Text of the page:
Alain Chartier

Also found in: Wikipedia.

Chartier, Alain


Born circa 1385, in Bayeux; died circa 1433, in Avignon. French poet.

Chartier was secretary to King Charles VII. As a diplomat, he visited many countries, including Italy. In ballades and rondeaux and in such narrative poems as The Book of the Four Ladies (1424) and La Belle Dame sans merci (1424), Chartier surmounted the linguistic conventions of late medieval love lyrics.

Chartier’s political tracts The Quadrilogue Invective (1422) and The Curial (mid-1420’s) sharply and eloquently addressed France’s problems, especially the decay of the nobility and the suffering of the people, who bore the brunt of the Hundred Years’War of 1337–1453.


Le Quadrilogue invectif. Paris, 1923.
La Belle Dame sans merci et les poésies lyriques. Paris, 1945.


Istoriia frantsuzskoi literatury, vol. 1. Moscow-Leningrad, 1946. Pages 178–79.
Hoffman, E. J. Alain Chartier, His Work and Reputation. New York, 1942.
References in periodicals archive ?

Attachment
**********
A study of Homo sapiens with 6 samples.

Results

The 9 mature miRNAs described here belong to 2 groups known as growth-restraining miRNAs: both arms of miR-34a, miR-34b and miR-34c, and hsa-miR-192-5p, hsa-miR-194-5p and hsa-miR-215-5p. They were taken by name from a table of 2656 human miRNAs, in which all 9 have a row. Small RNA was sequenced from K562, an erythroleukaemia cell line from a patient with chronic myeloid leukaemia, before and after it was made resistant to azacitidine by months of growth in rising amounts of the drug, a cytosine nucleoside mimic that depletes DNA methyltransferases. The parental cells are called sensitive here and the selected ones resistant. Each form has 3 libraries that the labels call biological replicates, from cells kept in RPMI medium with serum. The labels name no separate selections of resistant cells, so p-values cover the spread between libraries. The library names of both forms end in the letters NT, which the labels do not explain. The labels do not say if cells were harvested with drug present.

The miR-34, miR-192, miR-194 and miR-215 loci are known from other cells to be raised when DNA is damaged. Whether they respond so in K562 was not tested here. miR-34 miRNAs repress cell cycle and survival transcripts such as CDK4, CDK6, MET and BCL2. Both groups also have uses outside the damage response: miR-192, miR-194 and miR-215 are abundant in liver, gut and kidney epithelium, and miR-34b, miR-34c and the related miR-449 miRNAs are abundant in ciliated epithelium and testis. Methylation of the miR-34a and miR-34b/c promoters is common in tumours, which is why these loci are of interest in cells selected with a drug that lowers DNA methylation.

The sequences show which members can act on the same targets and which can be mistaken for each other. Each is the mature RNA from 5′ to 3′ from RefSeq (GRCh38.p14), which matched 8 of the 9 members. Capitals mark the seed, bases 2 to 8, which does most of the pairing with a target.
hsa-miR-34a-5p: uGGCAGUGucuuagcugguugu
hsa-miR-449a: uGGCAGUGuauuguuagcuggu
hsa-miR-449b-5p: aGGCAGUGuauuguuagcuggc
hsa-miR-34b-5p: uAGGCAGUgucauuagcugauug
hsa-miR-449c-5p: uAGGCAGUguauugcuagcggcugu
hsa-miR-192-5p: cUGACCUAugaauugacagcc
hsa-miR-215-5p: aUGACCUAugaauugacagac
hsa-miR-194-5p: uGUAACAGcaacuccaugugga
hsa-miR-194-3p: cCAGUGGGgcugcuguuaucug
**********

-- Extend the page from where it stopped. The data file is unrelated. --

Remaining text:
Un'appendice interessante a questo saggio dimostra come un'opera attribuita ad Alain Chartier sia invece di Ortensio Lando e come attraverso una traduzione francese arrivi nel mondo inglese.
1) Laidlaw lists thirty-two Querelle de la belle dame sans mercy manuscripts in The Poetical Works of Alain Chartier (Cambridge, 1974), pp.
Her body, fleshed out in Ronsard's poem from earlier models in Alain Chartier and Christine de Pizan and the figure that Du Bellay coined in the name of "France, mere des arts" in one of the celebrated sonnets of the Regrets (1558), insists that the spirit of nation and of appurtenance is conveyed through an erotically changed maternal object, the mother whom one protects and admires but also the person who arouses desire at the drop of a hat.
This study of the poetic `I' in late medieval French poetry focuses on works by Guillaume de Machaut, Jean Froissart, Eustache Deschamps, Christine de Pizan, Alain Chartier, and Charles d'Orleans.
More ambitious are two essays with broader scope: Martin Gosman studies the connection between Alain Chartier, the French royal house, and appeals to ideas of both republican and imperial Rome; and Marc-Rene Jung surveys the literature which preserves `ancient history', particularly that which descends from Dares.